Supporters of the campaign include the Yorkshire MP Kevin Hollinrake, the co-chairman of the All Party Parliamentary Group on Fair Business Banking, who argues that Britain should copy other nations and investigate and expose bank signature forgeries.
Nicky Morgan, who chairs the Treasury Committee, has written to the Financial Conduct Authority (FCA) and the National Crime Agency (NCA), requesting that they investigate as appropriate. There have been allegations that home repossessions and other documents may not have been signed by the authorised signatory.
In the US all 50 state attorney generals have already investigated the “industrial-scale” forgery of bank signatures, according to Mr Hollinrake.
The Bank Signature Forgery campaign is encouraging personal and business customers who have received a bank court document from UK banks or finance companies to send it a photo or photocopy of the bank signature.
Andrew Bailey, chief executive of the FCA, was previously asked about allegations of potential criminal activity occurring at banks, in June, during an evidence session.
Steve Baker MP said previously that he had been shown some evidence that “in certain business processes, such as home repossessions, the act of delivering capacity for these business processes might mean that paperwork is signed by somebody who is not the authorised signatory within the bank before taking possession of someone’s home.
“I have been shown various signatures that demonstrate that it is clearly the case that within some institutions processes are taking place where it appears that anyone is signing these documents.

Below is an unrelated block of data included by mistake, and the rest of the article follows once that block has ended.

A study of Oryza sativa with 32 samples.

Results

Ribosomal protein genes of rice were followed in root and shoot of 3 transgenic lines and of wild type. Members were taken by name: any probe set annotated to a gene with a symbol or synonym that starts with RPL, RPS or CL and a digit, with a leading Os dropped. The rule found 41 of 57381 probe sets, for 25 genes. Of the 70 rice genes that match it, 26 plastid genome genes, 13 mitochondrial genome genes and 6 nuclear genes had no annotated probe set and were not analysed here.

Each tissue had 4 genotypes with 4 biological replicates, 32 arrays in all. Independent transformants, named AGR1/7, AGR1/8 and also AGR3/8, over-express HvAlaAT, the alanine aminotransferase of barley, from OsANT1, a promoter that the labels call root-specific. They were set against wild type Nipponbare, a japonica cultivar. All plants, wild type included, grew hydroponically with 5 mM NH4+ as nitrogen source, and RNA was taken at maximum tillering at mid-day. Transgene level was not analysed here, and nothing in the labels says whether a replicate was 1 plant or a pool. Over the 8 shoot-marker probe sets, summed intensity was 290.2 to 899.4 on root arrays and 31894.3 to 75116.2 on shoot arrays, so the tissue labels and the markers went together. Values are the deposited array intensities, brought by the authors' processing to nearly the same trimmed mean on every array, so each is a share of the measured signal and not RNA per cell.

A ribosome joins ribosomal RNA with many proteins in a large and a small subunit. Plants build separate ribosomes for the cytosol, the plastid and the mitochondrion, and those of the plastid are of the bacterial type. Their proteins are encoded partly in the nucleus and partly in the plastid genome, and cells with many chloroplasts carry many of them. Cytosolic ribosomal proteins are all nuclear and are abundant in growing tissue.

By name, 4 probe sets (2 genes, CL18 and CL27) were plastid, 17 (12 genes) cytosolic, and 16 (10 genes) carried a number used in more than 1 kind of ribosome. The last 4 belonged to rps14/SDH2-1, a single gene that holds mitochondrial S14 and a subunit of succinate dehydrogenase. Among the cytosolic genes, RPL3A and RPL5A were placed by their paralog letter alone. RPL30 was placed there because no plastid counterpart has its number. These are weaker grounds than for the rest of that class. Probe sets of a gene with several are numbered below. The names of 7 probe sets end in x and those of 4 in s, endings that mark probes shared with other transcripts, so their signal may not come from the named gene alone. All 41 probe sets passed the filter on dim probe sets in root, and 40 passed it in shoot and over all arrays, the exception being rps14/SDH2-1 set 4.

“Whether or not the repossession is justified, it does seem that is therefore a fraudulent transaction.
“Are you aware that this phenomenon may be happening? If so, what are you doing?”
Mr Bailey said: “I am aware of it. Yes, it does get talked about. If you would like to bring the evidence to us, we will look at it.”
In a letter to Mr Bailey, Ms Morgan says: “During your recent appearance in front of the Treasury Committee, you were asked whether or not you were aware of the allegations of potential criminal activity occurring at banks, whereby home repossessions and other such documents are not being signed by the authorised signatory.
“You noted you were aware and asked to be forwarded any evidence.”
Ms Morgan letter adds: “Given the nature of the allegations, the committee requests that you engage with the Bank Signature Forgery Campaign directly to review the evidence they have, and that you take action as you think appropriate.”
Ms Morgan said she has written “in similar terms” to the Director General of the National Crime Agency.
An FCA spokesperson: ‘We take this issue very seriously and will engage with the Bank Signature Forgery Campaign to review any evidence they submit. We will take whatever action is appropriate and we will be happy to explain the outcome of our work’.
An NCA spokesperson said: “The National Economic Crime Centre acknowledges receipt of letters from Nicky Morgan and Kevin Hollinrake MP relating to alleged bank signature forgery. We welcome the opportunity to discuss the matter further.”
A spokesman for UK Finance, the trade body for the financial services sector, said in response to Ms Morgan’s letters: “Forgery is a criminal offence and banks will continue to be vigilant against such types of fraud.
The spokesman added: “We urge anyone with evidence of forgery taking place to report it to their bank as well as the relevant authorities.”